470s


470

This section is transcluded from 470. (edit | history)



471

This section is transcluded from 471. (edit | history)


This section is transcluded from 472. (edit | history)



473

This section is transcluded from 473. (edit | history)

Balkans[edit]
Europe[edit]

474

This section is transcluded from 474. (edit | history)


By place[edit]

Roman Empire[edit]



475

This section is transcluded from 475. (edit | history)

Asia[edit]


This section is transcluded from 476. (edit | history)


By place[edit]

Roman Empire[edit]
  • Summer – Odoacer, chieftain of the Germanic tribes (Herulic - Scirian foederati), visits the imperial palace at Ravenna. He petitions Orestes (magister militum) to reward his mercenaries for their services and their support of his rebellion a year earlier, by making good on his promise to grant them lands to settle permanently in Italy. Orestes refuses this proposal and Odoacer leads his tribesmen in a revolt.
  • August – Basiliscus, Roman usurper, is deposed and Zeno is restored as emperor of the Eastern Roman Empire. With the support of his adviser Illus, he besieges Constantinople, but the Senate opens the gates, allowing him to resume the throne. Basiliscus flees to sanctuary in a church, but surrenders himself and his family after extracting a solemn promise from Zeno not to shed their blood. Basiliscus is sent to a fortress in Cappadocia, where he later dies from starvation.
  • August 23 – Odoacer, age 43, is proclaimed rex Italiae ("king of Italy") by his troops. He leads his Ostrogoth army into the Po Valley, and advances to Ravenna while plundering the countryside.
  • September 4Romulus Augustulus, Roman usurper of the Western Roman Empire, is deposed by Odoacer at Ravenna. Odoacer spares the boy's life and gives him a pension of 6,000 solidii, but exiles him to the "Castellum Lucullanum" (Castel dell'Ovo), on the island of Megaride in the Gulf of Naples. His father Orestes had been arrested a week earlier near Piacenza, and swiftly executed. This event will later be romanticized in Western literature and history as the Fall of Rome, and is traditionally used by historians to mark the beginning of the European Middle Ages.[1][2]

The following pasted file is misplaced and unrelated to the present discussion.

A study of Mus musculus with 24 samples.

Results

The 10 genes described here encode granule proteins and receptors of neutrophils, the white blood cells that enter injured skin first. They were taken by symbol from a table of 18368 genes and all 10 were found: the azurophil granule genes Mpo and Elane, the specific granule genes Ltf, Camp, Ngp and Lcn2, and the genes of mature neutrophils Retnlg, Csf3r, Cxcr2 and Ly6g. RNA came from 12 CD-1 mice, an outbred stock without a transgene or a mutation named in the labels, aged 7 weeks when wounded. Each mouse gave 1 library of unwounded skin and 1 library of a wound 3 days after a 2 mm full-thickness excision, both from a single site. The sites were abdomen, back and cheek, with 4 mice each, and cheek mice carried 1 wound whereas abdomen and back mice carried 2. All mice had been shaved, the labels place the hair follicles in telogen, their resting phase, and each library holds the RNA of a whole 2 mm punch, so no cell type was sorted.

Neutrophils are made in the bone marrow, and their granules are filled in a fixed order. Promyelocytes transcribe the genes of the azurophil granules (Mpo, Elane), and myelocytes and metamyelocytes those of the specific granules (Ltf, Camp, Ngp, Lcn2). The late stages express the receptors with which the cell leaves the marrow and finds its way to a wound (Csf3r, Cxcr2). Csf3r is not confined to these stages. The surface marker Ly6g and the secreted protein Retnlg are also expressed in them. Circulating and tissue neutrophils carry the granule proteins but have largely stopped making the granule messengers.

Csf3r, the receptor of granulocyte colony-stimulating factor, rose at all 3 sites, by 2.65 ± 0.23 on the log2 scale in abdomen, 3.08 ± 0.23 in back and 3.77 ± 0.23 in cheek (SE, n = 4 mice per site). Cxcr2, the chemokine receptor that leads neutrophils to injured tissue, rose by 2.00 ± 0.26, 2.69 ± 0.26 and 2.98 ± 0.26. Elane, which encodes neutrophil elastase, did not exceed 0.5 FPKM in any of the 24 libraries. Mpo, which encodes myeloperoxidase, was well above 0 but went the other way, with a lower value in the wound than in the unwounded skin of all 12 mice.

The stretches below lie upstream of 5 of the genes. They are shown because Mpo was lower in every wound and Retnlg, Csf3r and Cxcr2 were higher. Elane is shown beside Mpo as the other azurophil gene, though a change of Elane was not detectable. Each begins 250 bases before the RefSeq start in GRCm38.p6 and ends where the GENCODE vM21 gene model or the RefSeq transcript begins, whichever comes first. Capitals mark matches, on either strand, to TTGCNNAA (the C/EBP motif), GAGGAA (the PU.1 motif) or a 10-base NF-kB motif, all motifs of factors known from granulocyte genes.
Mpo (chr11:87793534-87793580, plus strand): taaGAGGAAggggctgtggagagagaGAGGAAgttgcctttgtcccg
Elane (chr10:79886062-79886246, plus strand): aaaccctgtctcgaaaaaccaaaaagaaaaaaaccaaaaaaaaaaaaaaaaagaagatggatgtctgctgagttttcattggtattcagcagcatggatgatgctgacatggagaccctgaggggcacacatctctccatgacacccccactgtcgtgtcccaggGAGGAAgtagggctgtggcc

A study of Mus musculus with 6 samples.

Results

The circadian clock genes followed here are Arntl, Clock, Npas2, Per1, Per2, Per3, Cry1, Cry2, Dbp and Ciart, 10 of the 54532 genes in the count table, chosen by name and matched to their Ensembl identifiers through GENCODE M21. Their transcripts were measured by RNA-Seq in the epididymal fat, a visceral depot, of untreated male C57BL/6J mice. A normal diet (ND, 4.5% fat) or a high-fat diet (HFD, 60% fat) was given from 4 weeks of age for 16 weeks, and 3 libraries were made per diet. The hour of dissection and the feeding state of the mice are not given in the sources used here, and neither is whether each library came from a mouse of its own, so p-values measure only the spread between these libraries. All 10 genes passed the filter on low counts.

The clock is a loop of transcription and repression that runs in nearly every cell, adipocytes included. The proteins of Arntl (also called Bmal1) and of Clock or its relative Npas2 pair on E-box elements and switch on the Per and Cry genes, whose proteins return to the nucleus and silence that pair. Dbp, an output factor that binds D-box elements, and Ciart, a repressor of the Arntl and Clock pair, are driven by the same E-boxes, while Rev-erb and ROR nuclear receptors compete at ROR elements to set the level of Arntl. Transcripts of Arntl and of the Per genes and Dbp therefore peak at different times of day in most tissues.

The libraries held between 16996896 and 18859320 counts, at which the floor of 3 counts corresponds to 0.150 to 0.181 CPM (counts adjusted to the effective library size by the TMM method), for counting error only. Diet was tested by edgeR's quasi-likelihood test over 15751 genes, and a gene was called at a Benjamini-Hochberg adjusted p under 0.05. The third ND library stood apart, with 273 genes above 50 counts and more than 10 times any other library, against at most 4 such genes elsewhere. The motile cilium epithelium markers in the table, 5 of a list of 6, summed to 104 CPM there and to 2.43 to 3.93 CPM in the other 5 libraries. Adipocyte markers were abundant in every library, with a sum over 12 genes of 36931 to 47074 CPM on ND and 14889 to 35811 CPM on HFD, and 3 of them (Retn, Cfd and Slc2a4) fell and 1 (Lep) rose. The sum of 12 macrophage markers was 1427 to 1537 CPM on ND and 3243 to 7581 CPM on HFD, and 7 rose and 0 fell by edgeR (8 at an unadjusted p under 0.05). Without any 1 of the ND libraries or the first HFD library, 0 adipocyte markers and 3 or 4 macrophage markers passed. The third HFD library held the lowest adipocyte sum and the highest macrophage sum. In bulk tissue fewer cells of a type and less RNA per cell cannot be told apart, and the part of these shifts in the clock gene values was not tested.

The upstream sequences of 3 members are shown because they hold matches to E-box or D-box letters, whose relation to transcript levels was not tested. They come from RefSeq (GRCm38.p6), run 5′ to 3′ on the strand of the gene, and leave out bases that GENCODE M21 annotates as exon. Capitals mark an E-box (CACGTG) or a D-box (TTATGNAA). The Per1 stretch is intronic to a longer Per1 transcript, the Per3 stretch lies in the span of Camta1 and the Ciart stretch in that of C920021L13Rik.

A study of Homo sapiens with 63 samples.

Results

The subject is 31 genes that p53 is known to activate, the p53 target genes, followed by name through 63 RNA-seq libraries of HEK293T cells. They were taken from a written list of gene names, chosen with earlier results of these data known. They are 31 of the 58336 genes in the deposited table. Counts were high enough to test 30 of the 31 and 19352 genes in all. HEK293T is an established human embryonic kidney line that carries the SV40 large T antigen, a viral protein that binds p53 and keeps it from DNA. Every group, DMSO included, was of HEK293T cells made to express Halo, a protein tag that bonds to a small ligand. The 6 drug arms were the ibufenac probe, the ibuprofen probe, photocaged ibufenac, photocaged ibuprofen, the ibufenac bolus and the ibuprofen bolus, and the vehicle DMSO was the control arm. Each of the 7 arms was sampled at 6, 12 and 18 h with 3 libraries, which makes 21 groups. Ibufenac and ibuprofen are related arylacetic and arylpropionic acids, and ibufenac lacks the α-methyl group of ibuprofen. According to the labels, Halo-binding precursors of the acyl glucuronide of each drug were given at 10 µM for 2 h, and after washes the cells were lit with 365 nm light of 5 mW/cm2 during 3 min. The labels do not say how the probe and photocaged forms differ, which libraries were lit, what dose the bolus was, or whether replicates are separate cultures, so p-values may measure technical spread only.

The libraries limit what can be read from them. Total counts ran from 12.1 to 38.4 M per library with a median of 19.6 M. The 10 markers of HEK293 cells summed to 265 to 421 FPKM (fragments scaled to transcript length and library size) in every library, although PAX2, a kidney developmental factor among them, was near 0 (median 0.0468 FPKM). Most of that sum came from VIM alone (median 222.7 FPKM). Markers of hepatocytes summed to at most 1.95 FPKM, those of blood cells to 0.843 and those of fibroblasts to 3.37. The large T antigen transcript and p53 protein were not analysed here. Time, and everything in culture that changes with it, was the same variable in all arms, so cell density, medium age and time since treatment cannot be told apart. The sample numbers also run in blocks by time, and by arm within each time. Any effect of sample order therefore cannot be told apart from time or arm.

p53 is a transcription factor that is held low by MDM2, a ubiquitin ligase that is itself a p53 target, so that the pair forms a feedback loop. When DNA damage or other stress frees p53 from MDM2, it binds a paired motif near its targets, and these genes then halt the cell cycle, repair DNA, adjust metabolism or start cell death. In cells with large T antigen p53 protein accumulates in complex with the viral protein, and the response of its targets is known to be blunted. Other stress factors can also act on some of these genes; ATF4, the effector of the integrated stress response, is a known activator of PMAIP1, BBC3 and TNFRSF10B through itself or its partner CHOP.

• Julius Nepos, de jure ruler, becomes legally the last "Western Roman Emperor." He governs Dalmatia (Balkans), Morocco, and Northwest Gaul until his death 480, but has no effective power on the Italian Peninsula.
  • Odoacer crosses the Maritime Alps with a Gothic army and invades Provence (Southern Gaul). He conquers the cities of Arles and Marseilles, after a victorious battle against the Burgundians.
  • The Visigoths under King Euric march into Italy, and suffer defeat against the forces of Odoacer. Emperor Zeno concludes a peace treaty between the Goths and Odoacer surrenders the newly conquered territory in Gaul. Euric pledges himself to undertake no further hostilities.
  • The Roman Senate petitions Zeno to recognize Nepos as deposed and take the sole emperorship himself, abolishing the 91 year east/west division of the empire and recognizing Odoacer's authority in Italy. Zeno declines the first request, but names Odoacer Patricius, investing his rule with Imperial legitimacy.
  • Winter – Zeno recognizes the full extent of the Vandal Kingdom, including all of western Africa, the Balearic Islands, Corsica, Sardinia and Sicily. King Genseric gives Sicily, with exception of the city of Lilybaeum, to Odoacer in return for tribute.
India[edit]

477

This section is transcluded from 477. (edit | history)


Byzantine Empire[edit]
China[edit]


478

This section is transcluded from 478. (edit | history)


By place[edit]

Byzantine Empire[edit]
Asia[edit]


479

This section is transcluded from 479. (edit | history)

Europe[edit]

Births[edit]

Deaths[edit]

References[edit]

  1. ^ "Middle Ages". Dictionary.com. 
  2. ^ Bruni, Leonardo (2001) [1442]. Hankins, James, ed. History of the Florentine People. 1. Cambridge, MA: Harvard University Press. p. xvii. ISBN 978-0-674-00506-8.